It hasn’t been easy for employers to handle Millennials due to their distinctive approach to work since the generation started joining the labor market in the past decades. But since 2016, employers have had a lot more to handle; Generation Zs – people born after 1996.
Gen Zs have lived a different life, far from what their parents and millennials lived. In more cases, they can’t remember a life without holding a smartphone and beyond class the classroom, they have no memory of 9/11 attacks, just to mention a few. These differences require a different approach to management by companies looking towards hiring and retaining them.
Not questioning their work capacity, the two generations are gradually taking over the workforce, but dealing with each group: the Millennials and Generation Zs demands different management tactics. For instance, the Millennials are more inclined to a sense of entitlement and easily find reasons to quit, while Generation Z shaves a major troubling area: their demand for work that is meaningful to the society.
Have you really taken time to differentiate the demand from the different generations? A recent study by ADP Research Institute found that Generation Zsare not just looking for lucrative salaries. 89% of respondents that participated in the study want to do jobs that have an impact in the society, something more personal to them, and 82% want to plan their own work schedule.
The younger generation of Millennials in our workforce today is also found to agree with Gen Z’s position. Unlike the older generations, they place more emphasis on jobs with meaningful impact, reports the study, which surveyed 2,400 employees working at firms with more than 250 workers.
If its official that being in a dream job is the greatest aspiration among members of Gen Z, employers would not rely on compensation and benefits to motivate this group at work. Hr leaders have more work to do in making sure there’s a future plan for this new employee gen in the workforce today, otherwise, they’ll have more challenges retaining or keeping them engaged in a productive manner.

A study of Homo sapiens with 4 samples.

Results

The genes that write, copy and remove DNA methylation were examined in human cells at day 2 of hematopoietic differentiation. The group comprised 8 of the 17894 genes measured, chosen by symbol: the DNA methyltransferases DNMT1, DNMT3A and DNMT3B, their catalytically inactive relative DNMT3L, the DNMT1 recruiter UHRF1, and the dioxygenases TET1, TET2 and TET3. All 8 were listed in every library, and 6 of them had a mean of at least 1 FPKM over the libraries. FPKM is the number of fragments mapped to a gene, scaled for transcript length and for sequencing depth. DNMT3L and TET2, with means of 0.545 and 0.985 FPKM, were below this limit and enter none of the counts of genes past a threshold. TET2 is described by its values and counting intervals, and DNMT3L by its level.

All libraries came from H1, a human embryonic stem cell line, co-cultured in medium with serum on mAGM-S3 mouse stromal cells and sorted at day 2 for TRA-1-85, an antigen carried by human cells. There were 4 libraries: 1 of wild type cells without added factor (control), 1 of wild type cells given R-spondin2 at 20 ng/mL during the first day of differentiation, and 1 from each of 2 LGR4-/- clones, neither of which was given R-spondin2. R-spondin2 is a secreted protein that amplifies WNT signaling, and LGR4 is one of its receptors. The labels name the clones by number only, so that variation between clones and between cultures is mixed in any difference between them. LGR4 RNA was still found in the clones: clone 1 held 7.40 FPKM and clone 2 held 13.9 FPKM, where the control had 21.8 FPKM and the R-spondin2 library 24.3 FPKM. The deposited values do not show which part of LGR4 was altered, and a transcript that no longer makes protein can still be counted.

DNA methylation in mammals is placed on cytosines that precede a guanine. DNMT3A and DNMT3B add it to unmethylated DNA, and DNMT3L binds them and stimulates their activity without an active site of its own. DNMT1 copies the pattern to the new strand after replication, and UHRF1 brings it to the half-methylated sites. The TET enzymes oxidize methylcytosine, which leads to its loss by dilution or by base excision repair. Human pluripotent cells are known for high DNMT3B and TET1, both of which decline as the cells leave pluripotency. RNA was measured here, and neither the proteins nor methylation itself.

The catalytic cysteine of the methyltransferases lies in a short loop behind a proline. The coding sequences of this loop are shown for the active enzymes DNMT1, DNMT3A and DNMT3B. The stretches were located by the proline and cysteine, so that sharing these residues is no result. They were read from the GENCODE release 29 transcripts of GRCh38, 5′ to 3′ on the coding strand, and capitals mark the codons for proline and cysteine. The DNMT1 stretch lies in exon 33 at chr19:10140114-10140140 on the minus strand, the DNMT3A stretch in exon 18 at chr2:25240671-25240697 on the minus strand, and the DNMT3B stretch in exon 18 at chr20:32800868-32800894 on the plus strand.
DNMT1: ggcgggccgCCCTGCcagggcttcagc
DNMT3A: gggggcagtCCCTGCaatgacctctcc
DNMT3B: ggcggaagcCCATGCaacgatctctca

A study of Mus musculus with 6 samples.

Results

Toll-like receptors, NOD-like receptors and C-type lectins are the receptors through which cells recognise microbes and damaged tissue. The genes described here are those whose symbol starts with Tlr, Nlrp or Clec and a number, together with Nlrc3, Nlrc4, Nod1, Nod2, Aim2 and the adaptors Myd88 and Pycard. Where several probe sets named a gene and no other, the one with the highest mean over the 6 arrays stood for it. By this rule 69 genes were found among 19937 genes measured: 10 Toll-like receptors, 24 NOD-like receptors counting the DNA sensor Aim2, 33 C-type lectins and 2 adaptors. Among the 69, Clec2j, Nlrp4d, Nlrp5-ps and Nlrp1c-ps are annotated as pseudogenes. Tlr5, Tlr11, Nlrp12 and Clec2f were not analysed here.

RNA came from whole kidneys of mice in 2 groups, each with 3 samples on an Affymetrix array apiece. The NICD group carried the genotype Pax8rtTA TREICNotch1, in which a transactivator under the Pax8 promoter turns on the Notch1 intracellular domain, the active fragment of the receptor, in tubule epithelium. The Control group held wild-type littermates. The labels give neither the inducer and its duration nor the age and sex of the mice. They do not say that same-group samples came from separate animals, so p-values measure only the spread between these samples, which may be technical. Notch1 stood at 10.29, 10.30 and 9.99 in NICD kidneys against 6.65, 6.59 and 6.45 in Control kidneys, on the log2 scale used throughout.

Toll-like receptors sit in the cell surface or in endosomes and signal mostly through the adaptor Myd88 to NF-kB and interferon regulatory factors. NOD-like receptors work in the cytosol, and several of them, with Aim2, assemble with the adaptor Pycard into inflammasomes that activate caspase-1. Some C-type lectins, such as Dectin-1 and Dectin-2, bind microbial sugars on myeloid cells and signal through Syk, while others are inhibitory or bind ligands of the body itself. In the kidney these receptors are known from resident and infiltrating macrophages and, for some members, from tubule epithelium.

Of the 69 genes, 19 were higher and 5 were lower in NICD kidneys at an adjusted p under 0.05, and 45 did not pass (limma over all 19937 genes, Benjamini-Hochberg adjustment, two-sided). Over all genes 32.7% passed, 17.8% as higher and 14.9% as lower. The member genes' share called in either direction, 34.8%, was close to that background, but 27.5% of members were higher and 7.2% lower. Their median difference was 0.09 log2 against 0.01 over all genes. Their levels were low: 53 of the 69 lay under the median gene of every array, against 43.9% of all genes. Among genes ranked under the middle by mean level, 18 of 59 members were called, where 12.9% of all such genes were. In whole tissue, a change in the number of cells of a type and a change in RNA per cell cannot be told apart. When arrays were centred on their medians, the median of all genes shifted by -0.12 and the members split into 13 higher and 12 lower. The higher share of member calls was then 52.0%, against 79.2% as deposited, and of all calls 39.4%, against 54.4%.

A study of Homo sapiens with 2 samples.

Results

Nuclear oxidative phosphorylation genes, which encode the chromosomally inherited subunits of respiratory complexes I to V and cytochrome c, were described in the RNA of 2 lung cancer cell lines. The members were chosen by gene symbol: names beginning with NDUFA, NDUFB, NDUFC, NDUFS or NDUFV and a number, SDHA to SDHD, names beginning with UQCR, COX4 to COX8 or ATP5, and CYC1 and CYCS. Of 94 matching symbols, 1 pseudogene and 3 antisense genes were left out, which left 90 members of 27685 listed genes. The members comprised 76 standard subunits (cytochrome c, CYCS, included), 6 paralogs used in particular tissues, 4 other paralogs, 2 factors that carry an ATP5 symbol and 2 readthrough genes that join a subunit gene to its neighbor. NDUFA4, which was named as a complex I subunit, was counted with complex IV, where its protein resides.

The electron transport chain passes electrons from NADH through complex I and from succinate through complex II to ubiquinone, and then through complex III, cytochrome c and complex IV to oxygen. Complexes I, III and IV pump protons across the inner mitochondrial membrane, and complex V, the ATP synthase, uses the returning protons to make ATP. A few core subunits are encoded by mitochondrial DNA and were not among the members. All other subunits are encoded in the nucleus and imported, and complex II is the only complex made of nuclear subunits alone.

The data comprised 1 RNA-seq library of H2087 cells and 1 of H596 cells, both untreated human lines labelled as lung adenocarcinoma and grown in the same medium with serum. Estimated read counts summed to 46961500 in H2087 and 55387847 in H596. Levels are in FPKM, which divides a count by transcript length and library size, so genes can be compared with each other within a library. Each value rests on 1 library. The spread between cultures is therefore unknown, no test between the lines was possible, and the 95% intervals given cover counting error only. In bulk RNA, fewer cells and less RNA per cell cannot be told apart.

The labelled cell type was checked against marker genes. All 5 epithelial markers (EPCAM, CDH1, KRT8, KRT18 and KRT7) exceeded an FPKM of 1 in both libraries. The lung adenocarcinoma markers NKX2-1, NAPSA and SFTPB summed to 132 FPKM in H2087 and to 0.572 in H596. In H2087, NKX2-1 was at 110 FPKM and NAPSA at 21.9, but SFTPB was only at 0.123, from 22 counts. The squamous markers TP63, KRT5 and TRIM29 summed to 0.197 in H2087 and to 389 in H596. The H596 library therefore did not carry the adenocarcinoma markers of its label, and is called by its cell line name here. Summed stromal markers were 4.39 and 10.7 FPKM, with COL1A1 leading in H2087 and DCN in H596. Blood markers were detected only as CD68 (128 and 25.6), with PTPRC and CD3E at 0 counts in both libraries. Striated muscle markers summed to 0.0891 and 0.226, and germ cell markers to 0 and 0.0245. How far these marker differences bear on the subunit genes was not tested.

Gen Zs are pioneers of employee freedom to work. The generation wants to work from wherever they want and prefers autonomy, not to be managed. Hence, employers must create a work environment that supports the freedom to handle these new breeds in our workforce.
A recent study published by Forbes found that Gen Zs are more entrepreneurial. 72% of Gen Z students in high school said they prefer to start their own business. And they are 55% more inclined to start their own business than Millennials. This explains why they want independence even while under an employer. Millennials prefer collaborative efforts.
Why are Gen Zs looking for autonomy? Maybe because they are true digital natives, the technology could have led to their quest for independence since it’s very resourceful.
Employers can maintain good productivity among Millennials without communicating facially but that’s not part of what Gen Zs want; they require face to face communication each time you are passing vital information. Maybe they would overgrow this attribute with time. It could also explain why they are more concerned about workplace security than MIllennials. One more thing to enjoy among members of the Gen Z is their ability to multi-task. To an extent, they can handle more jobs at a time than Millennials.
However, the Millennials and Gen Zs are very common in many ways. The two generations represent the most promising workforce with smarter decisions. They both delay starting their career compare to older generations that skipped high school or university to support the family.
Which gen do you think is easier to manage?